Objective: Consumption of psychoactive substances-alcohol, nicotine, caffeine, opioids, and cannabis-is common among people with fibromyalgia (FM). Associations between the use of substances and somatic symptoms could reflect efforts to cope with symptoms, aggravation or alleviation of symptoms following the use of substances, or a combination of these. To date, no study has provided insight into temporal associations between the consumption of psychoactive substances and fluctuations in somatic symptoms. We explored whether changes in ratings of pain and fatigue (mental and physical) predicted the later use of psychoactive substances or vice versa (substance use predicting later change in symptoms).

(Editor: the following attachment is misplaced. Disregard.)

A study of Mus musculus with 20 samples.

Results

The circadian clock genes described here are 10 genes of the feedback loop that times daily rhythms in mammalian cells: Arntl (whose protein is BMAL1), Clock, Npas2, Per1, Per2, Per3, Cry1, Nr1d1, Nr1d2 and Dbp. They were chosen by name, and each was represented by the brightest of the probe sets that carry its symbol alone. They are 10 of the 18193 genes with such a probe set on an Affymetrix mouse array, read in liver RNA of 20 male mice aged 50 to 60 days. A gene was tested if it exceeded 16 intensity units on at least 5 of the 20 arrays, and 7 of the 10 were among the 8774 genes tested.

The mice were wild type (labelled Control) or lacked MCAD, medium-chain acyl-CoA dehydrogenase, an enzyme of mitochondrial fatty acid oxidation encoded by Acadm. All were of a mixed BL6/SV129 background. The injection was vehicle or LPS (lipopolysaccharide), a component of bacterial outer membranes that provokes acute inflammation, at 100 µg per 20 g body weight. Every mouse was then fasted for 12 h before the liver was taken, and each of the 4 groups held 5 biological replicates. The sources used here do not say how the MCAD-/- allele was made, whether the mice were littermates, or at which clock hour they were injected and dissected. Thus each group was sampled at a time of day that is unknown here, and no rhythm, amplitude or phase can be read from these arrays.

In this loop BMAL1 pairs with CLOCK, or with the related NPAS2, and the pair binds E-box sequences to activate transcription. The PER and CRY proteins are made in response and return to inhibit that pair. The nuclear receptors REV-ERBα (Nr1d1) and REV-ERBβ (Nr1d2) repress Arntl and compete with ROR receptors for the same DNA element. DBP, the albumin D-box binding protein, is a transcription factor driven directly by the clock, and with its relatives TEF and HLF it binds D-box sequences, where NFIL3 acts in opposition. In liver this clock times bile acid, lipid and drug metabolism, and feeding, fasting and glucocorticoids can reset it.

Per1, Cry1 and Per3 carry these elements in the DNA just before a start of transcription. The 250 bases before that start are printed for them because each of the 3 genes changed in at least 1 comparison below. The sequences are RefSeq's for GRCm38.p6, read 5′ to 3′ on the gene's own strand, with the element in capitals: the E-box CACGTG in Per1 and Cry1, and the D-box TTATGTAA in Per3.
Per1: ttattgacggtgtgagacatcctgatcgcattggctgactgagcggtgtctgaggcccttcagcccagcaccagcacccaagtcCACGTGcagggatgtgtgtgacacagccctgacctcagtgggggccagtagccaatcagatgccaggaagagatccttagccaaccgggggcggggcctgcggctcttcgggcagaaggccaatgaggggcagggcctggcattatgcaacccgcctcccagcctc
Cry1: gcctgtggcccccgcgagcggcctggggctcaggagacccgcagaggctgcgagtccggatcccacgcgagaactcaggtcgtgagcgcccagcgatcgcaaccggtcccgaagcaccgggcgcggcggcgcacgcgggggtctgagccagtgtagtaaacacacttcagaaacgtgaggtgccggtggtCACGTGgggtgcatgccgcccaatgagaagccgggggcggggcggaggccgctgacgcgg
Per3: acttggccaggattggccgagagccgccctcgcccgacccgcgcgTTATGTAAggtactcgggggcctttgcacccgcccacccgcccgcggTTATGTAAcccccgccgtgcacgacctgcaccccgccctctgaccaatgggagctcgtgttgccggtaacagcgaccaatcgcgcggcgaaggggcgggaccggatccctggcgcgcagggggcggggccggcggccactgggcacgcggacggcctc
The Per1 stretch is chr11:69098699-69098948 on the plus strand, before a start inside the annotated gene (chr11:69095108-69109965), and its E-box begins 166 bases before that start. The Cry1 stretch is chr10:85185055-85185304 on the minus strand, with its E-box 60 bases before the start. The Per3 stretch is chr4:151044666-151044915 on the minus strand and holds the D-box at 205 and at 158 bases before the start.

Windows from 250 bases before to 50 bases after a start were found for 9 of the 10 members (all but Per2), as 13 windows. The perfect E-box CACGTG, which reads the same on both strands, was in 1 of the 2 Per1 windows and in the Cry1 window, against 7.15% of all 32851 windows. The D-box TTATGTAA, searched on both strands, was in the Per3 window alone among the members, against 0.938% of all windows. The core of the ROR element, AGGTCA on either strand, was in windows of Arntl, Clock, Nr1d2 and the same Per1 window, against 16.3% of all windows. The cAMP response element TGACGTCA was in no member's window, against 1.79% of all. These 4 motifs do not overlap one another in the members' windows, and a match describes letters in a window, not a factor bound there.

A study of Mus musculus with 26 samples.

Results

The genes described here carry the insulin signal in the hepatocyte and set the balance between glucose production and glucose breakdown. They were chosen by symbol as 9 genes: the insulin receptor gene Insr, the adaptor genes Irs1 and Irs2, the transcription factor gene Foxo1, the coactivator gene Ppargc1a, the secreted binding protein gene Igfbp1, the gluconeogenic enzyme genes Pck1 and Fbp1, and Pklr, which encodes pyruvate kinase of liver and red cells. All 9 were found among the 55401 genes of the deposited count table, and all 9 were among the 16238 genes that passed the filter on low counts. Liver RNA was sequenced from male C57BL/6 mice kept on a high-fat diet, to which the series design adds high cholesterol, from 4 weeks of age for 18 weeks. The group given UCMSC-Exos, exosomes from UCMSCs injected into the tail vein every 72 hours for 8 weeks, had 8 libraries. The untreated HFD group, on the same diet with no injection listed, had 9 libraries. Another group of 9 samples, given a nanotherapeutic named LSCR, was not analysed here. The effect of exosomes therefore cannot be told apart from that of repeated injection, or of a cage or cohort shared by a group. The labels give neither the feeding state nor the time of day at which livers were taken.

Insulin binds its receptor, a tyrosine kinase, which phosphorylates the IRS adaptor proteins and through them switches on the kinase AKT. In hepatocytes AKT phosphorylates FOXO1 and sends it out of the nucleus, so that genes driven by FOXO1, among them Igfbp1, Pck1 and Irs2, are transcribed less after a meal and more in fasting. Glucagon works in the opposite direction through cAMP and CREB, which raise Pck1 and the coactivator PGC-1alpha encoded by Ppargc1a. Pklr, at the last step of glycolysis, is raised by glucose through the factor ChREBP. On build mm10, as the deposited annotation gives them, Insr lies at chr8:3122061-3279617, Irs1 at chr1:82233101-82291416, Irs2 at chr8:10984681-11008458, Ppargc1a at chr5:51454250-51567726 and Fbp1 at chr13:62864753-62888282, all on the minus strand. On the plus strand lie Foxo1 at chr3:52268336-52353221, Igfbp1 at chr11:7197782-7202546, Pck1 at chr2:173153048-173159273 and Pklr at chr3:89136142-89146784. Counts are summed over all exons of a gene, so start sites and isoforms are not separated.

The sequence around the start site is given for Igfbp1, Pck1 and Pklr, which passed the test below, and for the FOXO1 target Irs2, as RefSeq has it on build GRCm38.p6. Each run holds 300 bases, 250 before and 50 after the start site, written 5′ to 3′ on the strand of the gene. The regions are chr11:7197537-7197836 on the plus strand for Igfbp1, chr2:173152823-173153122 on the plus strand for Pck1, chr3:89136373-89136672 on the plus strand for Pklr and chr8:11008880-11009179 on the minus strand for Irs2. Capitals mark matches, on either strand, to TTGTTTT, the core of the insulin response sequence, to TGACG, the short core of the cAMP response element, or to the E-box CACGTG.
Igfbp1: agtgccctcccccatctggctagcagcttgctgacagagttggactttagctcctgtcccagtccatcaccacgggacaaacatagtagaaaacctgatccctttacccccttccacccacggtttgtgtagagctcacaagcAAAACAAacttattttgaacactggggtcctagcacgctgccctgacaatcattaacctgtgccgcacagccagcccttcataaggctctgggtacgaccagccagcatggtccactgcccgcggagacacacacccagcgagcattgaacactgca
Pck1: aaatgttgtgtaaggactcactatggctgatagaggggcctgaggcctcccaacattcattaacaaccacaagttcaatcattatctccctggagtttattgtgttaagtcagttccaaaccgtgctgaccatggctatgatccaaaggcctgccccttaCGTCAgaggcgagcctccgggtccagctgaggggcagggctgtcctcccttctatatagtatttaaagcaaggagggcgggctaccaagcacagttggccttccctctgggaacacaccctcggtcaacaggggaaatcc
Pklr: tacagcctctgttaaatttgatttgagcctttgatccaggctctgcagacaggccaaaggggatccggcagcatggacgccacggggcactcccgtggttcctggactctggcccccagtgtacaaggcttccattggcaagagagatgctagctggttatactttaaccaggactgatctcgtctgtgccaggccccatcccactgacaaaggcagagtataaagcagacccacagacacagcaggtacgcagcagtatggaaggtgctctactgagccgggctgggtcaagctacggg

Design: Micro Longitudinal design.
Setting/subjects: Fifty adults, (88% female, 86% White, mean age of 44.9 years), with fibromyalgia.
Methods: Participants completed ecological momentary assessments. Of substance use, pain intensity, and physical/mental fatigue 5X/day for eight days.
Results: Results of multilevel models indicated that momentary increases in fatigue showed a consistent association with greater odds of later use of psychoactive substances, whereas momentary increases in pain were related to lower odds of later cannabis and nicotine use and higher odds of later alcohol use. Only nicotine use predicted later mental fatigue.
Conclusion: Findings highlight the importance of individualized interventions for symptom management and/or problems related to the use of psychoactive substances. We observed that although somatic symptoms predicted later use of substance, use of substances did not show appreciable effects regarding alleviating somatic symptoms in people with FM.
Keywords: Ecological momentary assessment; Fibromyalgia; Pain.